S.M.A.K. is pleased to present a solo exhibition by the American artist Michael E. Smith (1977, Detroit; lives and works in Rhode Island). His work draws its materials and inspirations from the contemporary globalized consumer society and its inherent social contradictions. Smith works mainly in sculpture and video, and touches on overarching themes such as growth and decay. His presentations are characterized by an intense yet sparse choreography of the exhibition space. Accordingly, they manifest themselves as site-responsive artworks exploiting all of the museum’s infrastructure. In S.M.A.K. Smith shows mainly new work in a sharp setup, with a strong focus on reduction.
Essential to all Michael E. Smith’s exhibitions is that all possibly distracting elements are stripped away, and this method also applies when he produces single artworks. He often works with debris, animal corpses, video footage and artefacts that he isolates out of the environmental and global product streams, and he then reduces their meaning until a semantic deadlock or a breaking point is reached. But instead of just erasing information, Smith is particularly focused on achieving a mute concentration on what might be essential, prototypical or basal in the things surrounding us. His sculptural transformations of them, to which he has recently added techniques such as 3D-printing, touch the limits of the organic and synthetic, of culture and nature.
Smith alters and arranges his works in relation to the space and given lighting situation. Often they only gain the status of an artwork during the process of installation. By making use of corners, the floor, and other unusual places in the museum, the works have a huge physical impact on the viewer. Smith frequently employs used furniture, clothes, shoes and other artefacts whose function is to protect, support or preserve ourselves and our daily routines. By refilling, cutting or gluing these things with polyurethane or PVC, his works evoke the notion of the absent body. In pointing to the body as a last refuge for comfort, warmth, and – fundamentally – for life, in all their sculptural precision they evoke a feeling of subliminal unease.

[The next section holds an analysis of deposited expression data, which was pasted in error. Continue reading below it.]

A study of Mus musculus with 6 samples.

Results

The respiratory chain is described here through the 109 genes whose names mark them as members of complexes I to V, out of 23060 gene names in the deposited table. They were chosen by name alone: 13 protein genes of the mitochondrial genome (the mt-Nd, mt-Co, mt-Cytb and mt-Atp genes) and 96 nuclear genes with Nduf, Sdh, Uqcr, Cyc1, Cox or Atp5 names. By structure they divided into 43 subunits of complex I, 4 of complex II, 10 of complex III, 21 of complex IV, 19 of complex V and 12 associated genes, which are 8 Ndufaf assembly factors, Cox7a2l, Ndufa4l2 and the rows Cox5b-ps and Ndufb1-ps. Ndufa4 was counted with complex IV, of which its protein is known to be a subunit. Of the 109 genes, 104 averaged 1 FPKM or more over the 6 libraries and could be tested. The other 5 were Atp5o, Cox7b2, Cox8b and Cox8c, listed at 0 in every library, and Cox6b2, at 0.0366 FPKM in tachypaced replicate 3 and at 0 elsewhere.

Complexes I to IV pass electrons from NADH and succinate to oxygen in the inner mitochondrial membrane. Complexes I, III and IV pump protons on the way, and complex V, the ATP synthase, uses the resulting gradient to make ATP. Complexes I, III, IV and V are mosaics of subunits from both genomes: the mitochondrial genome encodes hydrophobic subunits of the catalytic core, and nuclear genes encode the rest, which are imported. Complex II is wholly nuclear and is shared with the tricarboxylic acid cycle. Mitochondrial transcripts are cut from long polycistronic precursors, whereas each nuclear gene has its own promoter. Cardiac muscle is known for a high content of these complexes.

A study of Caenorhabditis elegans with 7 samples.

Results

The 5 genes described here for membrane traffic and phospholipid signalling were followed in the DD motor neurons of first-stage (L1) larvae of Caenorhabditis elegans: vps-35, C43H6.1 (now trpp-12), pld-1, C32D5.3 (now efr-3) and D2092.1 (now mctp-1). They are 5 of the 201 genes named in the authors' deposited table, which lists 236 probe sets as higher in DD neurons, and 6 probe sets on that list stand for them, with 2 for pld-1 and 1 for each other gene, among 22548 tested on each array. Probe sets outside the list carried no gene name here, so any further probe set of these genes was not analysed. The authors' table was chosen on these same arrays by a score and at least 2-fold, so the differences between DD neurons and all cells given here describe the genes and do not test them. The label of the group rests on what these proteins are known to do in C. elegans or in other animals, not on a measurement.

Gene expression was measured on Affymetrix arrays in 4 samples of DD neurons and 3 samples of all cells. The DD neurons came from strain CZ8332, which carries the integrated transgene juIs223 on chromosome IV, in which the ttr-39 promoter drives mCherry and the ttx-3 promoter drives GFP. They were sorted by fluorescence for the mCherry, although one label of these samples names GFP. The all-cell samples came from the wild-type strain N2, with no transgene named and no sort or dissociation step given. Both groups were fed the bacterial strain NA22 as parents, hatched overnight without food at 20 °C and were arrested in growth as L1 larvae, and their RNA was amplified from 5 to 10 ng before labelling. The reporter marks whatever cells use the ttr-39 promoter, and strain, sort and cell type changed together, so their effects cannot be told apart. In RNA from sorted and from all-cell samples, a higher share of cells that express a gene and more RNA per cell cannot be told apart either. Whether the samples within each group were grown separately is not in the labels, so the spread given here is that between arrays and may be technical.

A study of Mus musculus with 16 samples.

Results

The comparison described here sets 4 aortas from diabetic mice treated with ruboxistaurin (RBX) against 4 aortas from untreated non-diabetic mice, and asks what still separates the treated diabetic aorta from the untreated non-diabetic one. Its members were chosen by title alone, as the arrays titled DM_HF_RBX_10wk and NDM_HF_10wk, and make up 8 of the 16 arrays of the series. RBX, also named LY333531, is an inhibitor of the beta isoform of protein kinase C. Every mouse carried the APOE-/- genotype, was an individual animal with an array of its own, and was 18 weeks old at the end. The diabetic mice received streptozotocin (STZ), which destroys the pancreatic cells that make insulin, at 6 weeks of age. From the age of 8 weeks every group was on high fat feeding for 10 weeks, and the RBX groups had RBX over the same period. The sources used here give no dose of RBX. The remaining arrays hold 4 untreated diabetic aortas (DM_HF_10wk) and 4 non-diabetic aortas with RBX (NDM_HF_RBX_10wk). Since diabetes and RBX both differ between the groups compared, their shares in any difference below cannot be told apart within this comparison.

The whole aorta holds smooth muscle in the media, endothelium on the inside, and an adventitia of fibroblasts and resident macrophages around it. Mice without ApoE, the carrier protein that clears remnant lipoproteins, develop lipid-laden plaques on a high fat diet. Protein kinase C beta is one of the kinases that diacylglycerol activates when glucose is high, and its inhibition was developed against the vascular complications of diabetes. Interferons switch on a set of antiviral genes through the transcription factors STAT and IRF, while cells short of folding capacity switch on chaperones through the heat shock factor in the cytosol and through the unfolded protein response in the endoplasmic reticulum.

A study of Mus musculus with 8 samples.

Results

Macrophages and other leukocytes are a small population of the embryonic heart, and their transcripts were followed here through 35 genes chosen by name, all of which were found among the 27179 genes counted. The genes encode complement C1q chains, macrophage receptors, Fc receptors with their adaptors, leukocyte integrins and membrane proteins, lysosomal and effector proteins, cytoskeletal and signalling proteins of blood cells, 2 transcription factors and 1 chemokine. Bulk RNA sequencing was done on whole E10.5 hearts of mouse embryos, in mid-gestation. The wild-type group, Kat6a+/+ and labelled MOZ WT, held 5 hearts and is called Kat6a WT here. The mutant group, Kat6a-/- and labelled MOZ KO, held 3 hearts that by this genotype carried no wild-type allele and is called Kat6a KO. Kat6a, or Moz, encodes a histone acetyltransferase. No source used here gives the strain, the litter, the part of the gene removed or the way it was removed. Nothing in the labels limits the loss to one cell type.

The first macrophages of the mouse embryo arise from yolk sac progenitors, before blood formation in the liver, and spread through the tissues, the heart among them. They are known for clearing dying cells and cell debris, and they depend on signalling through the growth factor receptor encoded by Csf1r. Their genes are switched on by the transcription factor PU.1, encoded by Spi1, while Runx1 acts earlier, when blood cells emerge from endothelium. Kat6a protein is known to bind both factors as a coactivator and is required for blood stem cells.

Michael E. Smith’s hometown of Detroit has become an emphatic metaphor for the decay of economic progress in ‘the West’, as a prototypical ruin of a traumatized American soul. It is emblematic of the dwindling of its working population, which was spurred on by the demise of the car and steel industries. But simultaneously Detroit also represents an abundance of cultural resistance and alternatives, in fields such as Graffiti, Hip Hop and Jazz, by which Smith’s work is equally influenced. By considering his artistic activity as “drawing ghosts”, Smith’s work always looks backward and forward at the same time.
In the course of the exhibition, Mousse Publishing will release a comprehensive volume on the artist’s work, in collaboration with De Appel, Amsterdam, Kunstverein Hannover and S.M.A.K. Ghent.